Sen. Chris Murphy sits with mental health professionals from around Fairfield County to discuss new legislation he is crafting to improve the country's mental health system.
Sen. Chris Murphy sits with mental health professionals from around Fairfield County to discuss new legislation he is crafting to improve the country's mental health system. Photo Credit: Casey Donahue

NORWALK, Conn. – U.S. Sen. Chris Murphy sat down with mental health professionals during a roundtable discussion at Norwalk Hospital on Wednesday to talk about their challenges and learn how federal legislation could make it easier to provide care for people who need help. 

Murphy, a Democrat, is working with U.S. Sen. Bill Cassidy, R-La., to craft a bill that would reform the nation’s mental health system. The bill is similar to one that U.S. Rep. Tim Murphy, R-Pa., has introduced in the U.S. House of Representatives.

To better learn what steps need to be taken to overhaul the system and provide better care, Murphy has been meeting with mental health professional around the state and learning about some of their challenges and hearing their recommendations.

The discussion involved about 25 people from organizations around the county, including the Human Services Council, Norwalk Hospital, Norwalk Community Health Center, Soundview Medical Associates, the Westport Weston Health District, Southwest Regional Mental Health Board, Family and Children’s Agency, and Bridge House in Bridgeport.

“I’m in such admiration of everyone sitting around this table is that you’re making the system work despite the system,” Murphy said. “We’re not going to fix all of this in one piece of legislation, but we can at least identify the biggest problems, start to paint some paths to a better system.”

Murphy said that he has seen many common themes as he traveled across the state. Among these are capacity issues in both inpatient and outpatient facilities, communication between mental health and physical health professionals, recognizing how other factors such as housing can play a role in wellness, getting families involved in care. He said that compartmentalization is a huge problem, as can be seen in the medical files of Sandy Hook shooter Adam Lanza.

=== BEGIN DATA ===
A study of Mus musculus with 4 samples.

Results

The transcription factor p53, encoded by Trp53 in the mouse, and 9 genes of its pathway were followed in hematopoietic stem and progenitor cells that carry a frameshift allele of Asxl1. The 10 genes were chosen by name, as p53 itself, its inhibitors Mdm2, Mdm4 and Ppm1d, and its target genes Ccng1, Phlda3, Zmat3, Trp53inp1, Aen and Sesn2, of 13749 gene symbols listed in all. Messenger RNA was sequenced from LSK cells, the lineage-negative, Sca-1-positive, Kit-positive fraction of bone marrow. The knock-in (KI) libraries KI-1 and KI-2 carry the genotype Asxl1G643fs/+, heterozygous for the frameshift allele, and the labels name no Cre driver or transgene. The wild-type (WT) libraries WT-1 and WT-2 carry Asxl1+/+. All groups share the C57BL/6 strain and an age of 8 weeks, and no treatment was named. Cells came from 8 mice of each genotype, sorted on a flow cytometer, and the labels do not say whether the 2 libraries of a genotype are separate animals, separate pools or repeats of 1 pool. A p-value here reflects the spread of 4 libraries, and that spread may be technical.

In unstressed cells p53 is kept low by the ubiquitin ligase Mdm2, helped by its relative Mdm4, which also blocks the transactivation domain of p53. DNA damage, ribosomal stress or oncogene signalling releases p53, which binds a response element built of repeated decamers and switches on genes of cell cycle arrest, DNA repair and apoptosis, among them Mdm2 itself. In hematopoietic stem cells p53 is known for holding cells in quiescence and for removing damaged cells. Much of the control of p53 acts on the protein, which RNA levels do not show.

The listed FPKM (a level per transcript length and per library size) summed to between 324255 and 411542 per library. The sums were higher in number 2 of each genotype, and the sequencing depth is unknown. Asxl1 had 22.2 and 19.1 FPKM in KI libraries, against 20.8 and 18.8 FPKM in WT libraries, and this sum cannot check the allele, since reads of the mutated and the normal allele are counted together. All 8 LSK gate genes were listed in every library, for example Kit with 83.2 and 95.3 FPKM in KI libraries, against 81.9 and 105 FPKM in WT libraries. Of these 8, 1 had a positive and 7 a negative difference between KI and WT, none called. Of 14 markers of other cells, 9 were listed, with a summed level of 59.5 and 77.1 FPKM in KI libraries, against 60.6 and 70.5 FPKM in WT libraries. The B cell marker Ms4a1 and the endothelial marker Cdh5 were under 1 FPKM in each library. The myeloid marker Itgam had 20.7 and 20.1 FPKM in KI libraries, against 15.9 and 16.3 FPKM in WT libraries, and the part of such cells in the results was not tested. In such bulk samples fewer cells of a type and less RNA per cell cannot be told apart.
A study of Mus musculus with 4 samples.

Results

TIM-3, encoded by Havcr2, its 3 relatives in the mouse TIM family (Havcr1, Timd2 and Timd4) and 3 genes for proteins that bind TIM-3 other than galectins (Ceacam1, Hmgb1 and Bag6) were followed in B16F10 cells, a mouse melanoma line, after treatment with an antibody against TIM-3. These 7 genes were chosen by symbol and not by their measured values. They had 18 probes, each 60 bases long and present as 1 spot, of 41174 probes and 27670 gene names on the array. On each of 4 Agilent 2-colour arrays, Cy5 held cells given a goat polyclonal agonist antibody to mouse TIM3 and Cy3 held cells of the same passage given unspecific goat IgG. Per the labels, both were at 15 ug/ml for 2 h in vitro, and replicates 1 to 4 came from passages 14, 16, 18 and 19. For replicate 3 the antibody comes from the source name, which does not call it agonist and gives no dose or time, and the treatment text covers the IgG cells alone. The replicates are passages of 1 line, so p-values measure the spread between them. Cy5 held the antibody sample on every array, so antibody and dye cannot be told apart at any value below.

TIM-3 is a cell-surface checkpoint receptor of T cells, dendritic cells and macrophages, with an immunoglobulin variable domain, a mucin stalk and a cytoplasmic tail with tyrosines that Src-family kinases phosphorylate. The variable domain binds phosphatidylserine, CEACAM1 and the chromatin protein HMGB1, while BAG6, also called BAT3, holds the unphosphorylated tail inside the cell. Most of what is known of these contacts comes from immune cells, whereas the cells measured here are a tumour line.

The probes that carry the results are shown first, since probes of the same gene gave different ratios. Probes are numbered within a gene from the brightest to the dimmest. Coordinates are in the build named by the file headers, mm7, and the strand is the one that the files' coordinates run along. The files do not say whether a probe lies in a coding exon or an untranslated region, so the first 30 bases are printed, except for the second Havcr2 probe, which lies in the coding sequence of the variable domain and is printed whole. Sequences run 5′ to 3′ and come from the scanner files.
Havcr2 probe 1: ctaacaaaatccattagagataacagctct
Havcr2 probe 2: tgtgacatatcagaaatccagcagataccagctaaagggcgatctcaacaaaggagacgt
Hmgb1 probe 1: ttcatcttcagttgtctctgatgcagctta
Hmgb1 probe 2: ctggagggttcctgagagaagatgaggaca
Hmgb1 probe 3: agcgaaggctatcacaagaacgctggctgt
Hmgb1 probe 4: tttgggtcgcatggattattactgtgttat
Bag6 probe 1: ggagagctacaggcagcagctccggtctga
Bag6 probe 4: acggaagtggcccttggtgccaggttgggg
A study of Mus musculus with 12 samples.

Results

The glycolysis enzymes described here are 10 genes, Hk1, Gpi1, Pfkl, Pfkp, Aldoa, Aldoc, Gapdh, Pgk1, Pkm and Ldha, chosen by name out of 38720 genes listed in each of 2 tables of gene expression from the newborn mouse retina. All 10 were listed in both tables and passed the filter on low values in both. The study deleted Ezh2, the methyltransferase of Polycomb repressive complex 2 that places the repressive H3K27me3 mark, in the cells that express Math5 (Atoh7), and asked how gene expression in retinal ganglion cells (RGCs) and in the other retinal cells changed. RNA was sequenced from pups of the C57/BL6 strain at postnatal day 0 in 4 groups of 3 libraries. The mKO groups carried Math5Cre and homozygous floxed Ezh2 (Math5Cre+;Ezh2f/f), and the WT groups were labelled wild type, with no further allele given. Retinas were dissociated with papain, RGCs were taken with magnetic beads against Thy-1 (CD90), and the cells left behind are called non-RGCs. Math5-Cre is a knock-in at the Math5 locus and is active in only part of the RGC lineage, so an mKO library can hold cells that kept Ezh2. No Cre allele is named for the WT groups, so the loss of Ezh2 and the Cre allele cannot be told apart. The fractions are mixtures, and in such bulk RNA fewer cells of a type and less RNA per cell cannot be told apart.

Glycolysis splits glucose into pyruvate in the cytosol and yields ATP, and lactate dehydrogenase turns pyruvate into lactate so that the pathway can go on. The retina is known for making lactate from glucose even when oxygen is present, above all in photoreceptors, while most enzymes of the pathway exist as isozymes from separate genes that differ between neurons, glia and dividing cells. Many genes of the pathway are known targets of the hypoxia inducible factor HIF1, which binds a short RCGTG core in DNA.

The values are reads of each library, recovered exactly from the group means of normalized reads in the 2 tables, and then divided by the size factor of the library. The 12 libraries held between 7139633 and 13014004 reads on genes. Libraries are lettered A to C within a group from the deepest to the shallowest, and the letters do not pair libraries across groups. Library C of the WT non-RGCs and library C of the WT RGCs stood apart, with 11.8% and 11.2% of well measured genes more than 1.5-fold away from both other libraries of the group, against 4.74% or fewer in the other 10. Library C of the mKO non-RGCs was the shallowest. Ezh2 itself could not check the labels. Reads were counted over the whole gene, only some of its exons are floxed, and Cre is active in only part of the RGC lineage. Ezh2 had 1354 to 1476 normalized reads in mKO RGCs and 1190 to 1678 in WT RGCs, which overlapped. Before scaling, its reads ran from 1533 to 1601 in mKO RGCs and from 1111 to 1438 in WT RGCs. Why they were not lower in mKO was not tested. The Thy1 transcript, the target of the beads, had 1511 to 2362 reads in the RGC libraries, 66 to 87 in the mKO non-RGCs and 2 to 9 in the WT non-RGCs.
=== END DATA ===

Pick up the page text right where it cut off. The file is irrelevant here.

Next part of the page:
“All the people around this table who are doing wonderful things are doing them in compartments. If you read the Adam Lanza report from the Office of the Child Advocate, you see the results of a very fragmented system," Murphy said.

"This was a young man whose primary care doctor had no notes in his file on his behavioral health issues for a period of years because somebody else was dealing with that. Nobody was really sure whether the school system was in charge, whether his primary care physician was in charge, whether the community mental health system was in charge, and we’ve got to create a system whereby we uncompartmentalize behavioral healthcare and we recognize some clear lines of accountability.”

Among the topics discussed were the need to involve patients in the discussion, the lack of step-down programs and breaks in the care continuum where people fall out, coordination of care for those in need, treatment of top utilizers of care, and the need to tailor care for individuals and treat them in a way that will work best for them.